Pacific Resilience Facility set to launch in 2025: Forum Chair Brown

PIFS Chair Mark Brown (Photo: Pacific Islands Forum/Facebook)

Cook Islands Prime Minister and Pacific Islands Forum Chair, Mark Brown has announced at the COP28 side event in Dubai that the Pacific Resilience Facility (PRF) is scheduled to commence operations by 2025. 

Brown emphasised the need for a focus on resilience and adaptation while the global community works towards achieving carbon reduction targets to stay at 1.5 degrees.

Speaking at the sideline event, PM Brown clarified the role of the PRF.

“It’s not a magic bullet for us. All it’s gonna do is buy us time; it’s a facility for financing, that targets specific needs for Pacific countries.” 

He highlighted the endorsement of the PRF declaration at the recent Pacific Islands Forum Leaders Meeting in Rarotonga, where leaders committed to legally establishing the facility in 2024, with full operational readiness in 2025.

“We will legally establish the PRF next year in 2024 and will be ready for business in 2025,” PM Brown said.

The PRF, described as a Pacific-led, member-owned, climate and disaster preparedness community financing facility, aims to create a regional grant financing mechanism generating investment income for community resilience initiatives.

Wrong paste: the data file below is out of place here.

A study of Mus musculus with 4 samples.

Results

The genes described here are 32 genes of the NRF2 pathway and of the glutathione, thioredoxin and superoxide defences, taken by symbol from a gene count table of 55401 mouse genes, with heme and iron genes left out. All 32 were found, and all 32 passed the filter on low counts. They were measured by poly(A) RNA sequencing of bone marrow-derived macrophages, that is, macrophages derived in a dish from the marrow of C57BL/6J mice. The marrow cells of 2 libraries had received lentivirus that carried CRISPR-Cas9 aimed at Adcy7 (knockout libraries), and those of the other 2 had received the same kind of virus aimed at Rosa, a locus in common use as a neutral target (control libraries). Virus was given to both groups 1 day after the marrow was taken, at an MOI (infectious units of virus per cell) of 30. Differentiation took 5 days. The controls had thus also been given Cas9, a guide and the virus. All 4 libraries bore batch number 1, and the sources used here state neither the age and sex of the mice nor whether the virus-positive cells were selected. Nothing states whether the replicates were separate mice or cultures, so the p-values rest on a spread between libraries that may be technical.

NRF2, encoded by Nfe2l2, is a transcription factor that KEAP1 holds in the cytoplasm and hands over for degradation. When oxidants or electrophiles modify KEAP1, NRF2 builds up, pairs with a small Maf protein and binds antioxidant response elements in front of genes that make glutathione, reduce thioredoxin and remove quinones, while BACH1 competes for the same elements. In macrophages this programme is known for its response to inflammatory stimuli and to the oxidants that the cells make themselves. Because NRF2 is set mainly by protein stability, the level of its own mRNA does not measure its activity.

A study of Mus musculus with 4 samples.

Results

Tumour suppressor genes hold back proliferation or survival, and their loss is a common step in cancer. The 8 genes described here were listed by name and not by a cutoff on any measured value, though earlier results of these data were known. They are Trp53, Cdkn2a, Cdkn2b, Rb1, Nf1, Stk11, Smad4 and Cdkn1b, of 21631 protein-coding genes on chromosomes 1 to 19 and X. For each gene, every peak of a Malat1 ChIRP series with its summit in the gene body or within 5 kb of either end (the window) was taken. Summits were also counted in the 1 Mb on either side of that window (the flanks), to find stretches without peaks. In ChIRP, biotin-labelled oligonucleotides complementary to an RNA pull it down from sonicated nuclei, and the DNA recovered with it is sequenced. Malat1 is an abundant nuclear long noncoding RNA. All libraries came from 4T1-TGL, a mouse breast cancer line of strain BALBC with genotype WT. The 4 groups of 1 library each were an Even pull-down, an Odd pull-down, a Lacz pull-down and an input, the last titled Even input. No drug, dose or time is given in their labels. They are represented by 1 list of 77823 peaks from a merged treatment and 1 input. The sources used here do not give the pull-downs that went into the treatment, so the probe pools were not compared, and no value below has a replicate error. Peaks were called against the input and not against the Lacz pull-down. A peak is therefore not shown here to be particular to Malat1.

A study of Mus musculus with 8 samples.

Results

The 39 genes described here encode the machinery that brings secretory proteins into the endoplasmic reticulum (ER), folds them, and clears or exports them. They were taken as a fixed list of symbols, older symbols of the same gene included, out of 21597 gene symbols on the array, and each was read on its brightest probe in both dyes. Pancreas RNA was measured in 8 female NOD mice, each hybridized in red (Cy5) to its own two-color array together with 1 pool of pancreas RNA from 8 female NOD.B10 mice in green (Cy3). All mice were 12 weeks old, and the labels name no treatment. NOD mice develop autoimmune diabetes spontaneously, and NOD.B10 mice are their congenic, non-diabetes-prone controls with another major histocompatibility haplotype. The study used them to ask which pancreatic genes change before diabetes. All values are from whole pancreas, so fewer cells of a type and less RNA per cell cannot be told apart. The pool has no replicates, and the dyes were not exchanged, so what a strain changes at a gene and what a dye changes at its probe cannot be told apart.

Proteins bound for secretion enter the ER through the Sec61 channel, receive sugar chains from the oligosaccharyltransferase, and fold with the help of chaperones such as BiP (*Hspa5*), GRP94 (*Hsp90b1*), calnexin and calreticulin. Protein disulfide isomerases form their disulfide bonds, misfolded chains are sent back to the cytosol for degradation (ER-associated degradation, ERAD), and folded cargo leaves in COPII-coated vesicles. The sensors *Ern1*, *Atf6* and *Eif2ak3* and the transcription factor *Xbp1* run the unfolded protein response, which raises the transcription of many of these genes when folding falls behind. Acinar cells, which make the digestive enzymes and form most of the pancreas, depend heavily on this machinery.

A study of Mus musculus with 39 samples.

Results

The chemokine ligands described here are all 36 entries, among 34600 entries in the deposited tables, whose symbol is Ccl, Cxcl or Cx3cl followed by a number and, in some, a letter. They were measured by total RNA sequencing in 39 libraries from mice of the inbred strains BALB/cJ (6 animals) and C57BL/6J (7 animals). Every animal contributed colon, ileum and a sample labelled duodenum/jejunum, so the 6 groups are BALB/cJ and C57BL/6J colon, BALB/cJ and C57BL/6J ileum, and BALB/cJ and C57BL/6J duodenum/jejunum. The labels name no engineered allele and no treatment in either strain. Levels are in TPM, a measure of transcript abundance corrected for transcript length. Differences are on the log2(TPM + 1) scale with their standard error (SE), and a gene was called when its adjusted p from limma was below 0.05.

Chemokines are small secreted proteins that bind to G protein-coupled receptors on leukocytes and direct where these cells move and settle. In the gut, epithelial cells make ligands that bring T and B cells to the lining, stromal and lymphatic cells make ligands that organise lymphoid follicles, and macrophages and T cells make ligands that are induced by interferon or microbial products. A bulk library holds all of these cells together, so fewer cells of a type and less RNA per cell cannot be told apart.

Brown also extended an invitation to the international community, especially developed countries and friends of the Pacific to invest in the PRF.

He emphasised its role as a demonstration of Pacific leadership in the climate change battle.

“The Facility is our united political will to act decisively, providing a first-of-its-kind regional financing solution that can scale up, be a transformative catalyst, and be a game-changer for the Pacific,” said PM Brown.

He also appealed for support to reach the US$500 million target, revealing that US$50.5 million had already been pledged by Saudi Arabia, leaving a gap of US$449.5 million.

PM Brown also acknowledged Australia, China, and the U.S for their pledges to fund the establishment of the PRF.

Australia pledge AUD$2.8 million and the United States US$4.5 million for the setting up of the PRF facility. He emphasised the importance of international collaboration to address the unique challenges faced by Pacific nations in the face of climate change.